The Weekend Leader - Art for folks

An engineer's tryst with folk arts turns him a champion of artistes' cause

Rina Mukherji   |   Kolkata


Vol 2 | Issue 1

Stepping into Amitava Bhattacharya’s office in a quiet south Kolkata suburb is a revelation. Folk artefacts, brochures of programmes on lost forms of music and dance greet you from all corners.  For the engineer from Indian Institute of Technology (IIT), who had never set foot in a village till his working years – he was a software professional with Tata Consultancy Services for 10 years and had spent another two years in California – the metamorphosis into a champion of folk arts has been a personal journey of sorts.

 “I had wanted to understand the mentality of theatre professionals. There is no money in it, and yet something keeps them going," he says. Before he embarked on the research, his only involvement in the art form had been confined to "campus theatre.”  While studying the dynamics of theatre in all its forms, he found that “theatre in the rural context was closely intertwined with folk music and dance.”

Art for Livelihood: Amitava Bhattacharya believes that folk forms can sustain only if the artistes can earn their livelihood from it 

“Whenever we think of the rural poor, we tend to club them as farmers or labour. But there is a large chunk of people who are neither. They are at the bottom of the pyramid, but it is they who are the repositories of traditional art. I decided to work with them.” Meanwhile, Bhattacharya had started thinking in terms of using culture as a developmental tool.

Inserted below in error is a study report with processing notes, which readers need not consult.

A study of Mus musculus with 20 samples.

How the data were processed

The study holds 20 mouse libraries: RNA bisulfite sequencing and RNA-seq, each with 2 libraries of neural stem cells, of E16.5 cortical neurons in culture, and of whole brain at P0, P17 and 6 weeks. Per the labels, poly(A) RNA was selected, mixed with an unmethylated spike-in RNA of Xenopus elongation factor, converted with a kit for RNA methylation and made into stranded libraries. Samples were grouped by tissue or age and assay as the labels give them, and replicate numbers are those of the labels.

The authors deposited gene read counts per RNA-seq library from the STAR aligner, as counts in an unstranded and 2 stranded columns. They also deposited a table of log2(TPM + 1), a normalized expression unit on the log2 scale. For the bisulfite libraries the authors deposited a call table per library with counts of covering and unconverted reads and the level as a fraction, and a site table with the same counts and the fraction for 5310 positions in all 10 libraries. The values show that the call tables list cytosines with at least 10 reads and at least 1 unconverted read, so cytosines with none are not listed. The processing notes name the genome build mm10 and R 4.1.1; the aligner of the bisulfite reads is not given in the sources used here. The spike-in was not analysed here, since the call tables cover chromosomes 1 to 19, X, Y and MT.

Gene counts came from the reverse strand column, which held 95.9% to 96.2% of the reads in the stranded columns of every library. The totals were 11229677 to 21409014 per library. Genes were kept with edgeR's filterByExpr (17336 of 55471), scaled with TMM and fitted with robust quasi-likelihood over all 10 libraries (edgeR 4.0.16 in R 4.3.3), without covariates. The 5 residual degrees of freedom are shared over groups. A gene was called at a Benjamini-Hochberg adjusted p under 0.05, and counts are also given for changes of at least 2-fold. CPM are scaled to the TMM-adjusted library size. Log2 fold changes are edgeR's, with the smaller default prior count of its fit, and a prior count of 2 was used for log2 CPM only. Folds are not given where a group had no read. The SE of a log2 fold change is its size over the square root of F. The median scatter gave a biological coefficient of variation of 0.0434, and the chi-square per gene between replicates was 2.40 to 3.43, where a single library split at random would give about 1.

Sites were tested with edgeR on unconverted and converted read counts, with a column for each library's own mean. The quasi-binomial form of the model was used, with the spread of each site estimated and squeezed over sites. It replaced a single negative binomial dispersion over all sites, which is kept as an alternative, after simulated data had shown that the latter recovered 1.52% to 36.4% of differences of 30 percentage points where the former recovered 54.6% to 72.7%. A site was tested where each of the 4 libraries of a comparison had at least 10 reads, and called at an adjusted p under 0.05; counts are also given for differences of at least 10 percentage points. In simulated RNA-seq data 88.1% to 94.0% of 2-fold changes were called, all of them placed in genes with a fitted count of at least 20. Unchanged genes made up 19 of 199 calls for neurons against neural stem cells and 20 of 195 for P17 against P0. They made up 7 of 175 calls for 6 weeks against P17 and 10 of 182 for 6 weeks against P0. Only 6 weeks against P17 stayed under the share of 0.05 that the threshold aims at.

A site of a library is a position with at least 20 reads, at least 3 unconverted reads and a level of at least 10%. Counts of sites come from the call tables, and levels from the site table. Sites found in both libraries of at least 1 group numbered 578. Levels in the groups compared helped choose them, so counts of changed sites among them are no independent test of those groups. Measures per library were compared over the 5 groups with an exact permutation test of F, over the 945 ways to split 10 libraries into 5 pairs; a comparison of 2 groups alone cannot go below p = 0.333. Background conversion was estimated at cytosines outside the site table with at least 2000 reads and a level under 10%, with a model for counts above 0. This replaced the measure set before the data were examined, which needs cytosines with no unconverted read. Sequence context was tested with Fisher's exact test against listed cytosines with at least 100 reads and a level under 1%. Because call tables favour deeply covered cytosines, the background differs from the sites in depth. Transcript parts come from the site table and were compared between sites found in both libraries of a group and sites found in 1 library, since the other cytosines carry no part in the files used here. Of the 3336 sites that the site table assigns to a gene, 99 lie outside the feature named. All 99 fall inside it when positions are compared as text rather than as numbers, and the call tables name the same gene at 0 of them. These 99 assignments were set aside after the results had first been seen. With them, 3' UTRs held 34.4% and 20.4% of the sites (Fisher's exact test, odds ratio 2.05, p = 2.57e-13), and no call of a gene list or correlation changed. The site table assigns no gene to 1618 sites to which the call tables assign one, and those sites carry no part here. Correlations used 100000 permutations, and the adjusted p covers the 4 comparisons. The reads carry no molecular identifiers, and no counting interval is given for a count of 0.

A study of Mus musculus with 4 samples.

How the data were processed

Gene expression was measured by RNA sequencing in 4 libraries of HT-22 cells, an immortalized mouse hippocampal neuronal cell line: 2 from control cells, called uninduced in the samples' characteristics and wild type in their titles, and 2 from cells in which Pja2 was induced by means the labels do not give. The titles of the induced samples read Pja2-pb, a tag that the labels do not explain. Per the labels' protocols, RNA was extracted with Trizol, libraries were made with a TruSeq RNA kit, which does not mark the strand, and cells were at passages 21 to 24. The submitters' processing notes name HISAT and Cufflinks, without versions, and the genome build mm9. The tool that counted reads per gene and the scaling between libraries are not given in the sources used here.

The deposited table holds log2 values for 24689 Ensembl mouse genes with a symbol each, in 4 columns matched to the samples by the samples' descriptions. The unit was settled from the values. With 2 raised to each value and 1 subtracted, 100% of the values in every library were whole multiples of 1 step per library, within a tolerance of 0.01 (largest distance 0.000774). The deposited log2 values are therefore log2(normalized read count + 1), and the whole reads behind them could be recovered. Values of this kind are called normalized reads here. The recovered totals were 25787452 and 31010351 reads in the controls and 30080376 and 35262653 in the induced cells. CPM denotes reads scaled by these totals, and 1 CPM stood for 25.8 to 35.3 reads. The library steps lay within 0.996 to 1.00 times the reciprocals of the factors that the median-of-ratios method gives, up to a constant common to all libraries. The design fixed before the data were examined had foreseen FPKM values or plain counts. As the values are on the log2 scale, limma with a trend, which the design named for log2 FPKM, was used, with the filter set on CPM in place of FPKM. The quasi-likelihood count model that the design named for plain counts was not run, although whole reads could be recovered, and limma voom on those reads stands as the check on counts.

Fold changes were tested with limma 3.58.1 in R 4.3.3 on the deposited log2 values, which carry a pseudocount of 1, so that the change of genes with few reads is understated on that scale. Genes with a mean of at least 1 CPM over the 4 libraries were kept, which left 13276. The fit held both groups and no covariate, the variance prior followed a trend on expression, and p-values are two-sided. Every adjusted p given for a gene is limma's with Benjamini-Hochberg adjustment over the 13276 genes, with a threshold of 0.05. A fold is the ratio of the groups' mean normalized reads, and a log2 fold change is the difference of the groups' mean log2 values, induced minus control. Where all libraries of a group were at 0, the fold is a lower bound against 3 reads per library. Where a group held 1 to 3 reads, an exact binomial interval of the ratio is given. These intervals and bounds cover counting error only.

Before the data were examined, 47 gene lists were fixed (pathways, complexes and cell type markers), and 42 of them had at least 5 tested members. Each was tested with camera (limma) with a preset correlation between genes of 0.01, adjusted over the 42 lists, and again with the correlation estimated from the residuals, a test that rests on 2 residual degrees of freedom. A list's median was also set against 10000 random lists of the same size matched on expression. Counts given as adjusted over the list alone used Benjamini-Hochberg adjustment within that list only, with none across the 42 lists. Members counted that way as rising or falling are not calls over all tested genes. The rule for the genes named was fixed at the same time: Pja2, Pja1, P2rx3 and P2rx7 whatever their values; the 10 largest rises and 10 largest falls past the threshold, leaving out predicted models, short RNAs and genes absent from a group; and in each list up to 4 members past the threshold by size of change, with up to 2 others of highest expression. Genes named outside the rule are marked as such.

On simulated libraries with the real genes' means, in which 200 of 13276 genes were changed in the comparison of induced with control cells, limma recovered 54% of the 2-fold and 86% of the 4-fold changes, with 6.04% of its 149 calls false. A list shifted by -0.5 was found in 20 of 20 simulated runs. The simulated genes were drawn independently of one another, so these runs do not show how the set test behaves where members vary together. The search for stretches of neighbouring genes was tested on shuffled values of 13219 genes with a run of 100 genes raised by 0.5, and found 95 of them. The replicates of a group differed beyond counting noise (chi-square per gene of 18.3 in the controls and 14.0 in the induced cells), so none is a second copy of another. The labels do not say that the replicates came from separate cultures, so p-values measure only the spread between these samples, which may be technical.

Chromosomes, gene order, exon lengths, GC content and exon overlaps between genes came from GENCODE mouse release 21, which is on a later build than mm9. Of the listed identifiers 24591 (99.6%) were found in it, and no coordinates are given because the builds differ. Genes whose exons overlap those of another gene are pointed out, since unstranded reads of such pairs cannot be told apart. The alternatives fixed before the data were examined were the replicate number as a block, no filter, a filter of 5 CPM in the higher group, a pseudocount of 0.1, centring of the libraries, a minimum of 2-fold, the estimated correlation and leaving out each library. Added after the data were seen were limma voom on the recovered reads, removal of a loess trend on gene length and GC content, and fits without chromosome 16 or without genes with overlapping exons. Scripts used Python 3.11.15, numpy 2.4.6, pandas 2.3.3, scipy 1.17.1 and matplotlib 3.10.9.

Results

He realized that when the authorities talked of development, the lowest strata of rural society did not take any interest in it, since there was no motivation. Lack of a participatory approach had failed to make development sustainable enough to percolate down to the lowest rung. The problem, he concluded, was the lack of communication in a language that people understood. That is when he decided to make a move to reach the unreached by adopting theatre as a medium.

In 2000, along with 14 like-minded friends, he set up, a venture intended to use cultural forms to communicate to the masses. Over the years has created awareness on issues like maternal health, child marriage, HIV/AIDS, sex tourism, human trafficking and polio immunization, besides a plethora of government schemes for the poor and downtrodden in various parts of the country.

Working in tandem with the Ministry of Health, UNICEF and a host of other national and international organizations, is into communicating to rural people in 24 States of India. The plays are enacted by local groups, using various folk forms. “We only provide them the script,” says Bhattacharya, who after years of association with the folk arts groups realised how impoverished the artistes were.

“It was important that they should earn a livelihood from their art. Or else, these folk forms can easily die out,” he observes. This had Bhattacharya and his team embark on an “Art for Livelihood” project, (funded by the European Union). Thanks to Bhattacharya, these folk singers and dancers are regular performers in urban centres, and their incomes have risen from Rs 400 a month to upwards of Rs 1500 a month.

A few even manage to make Rs 18000 a month. This has seen Bhattacharya and his organization conducting festivals showcasing the Sufi, fakiri and Baul folk forms in the last few years, and introducing urban audiences in Kolkata, Delhi and other urban centres to the rich repertoire of near-forgotten music and dance forms.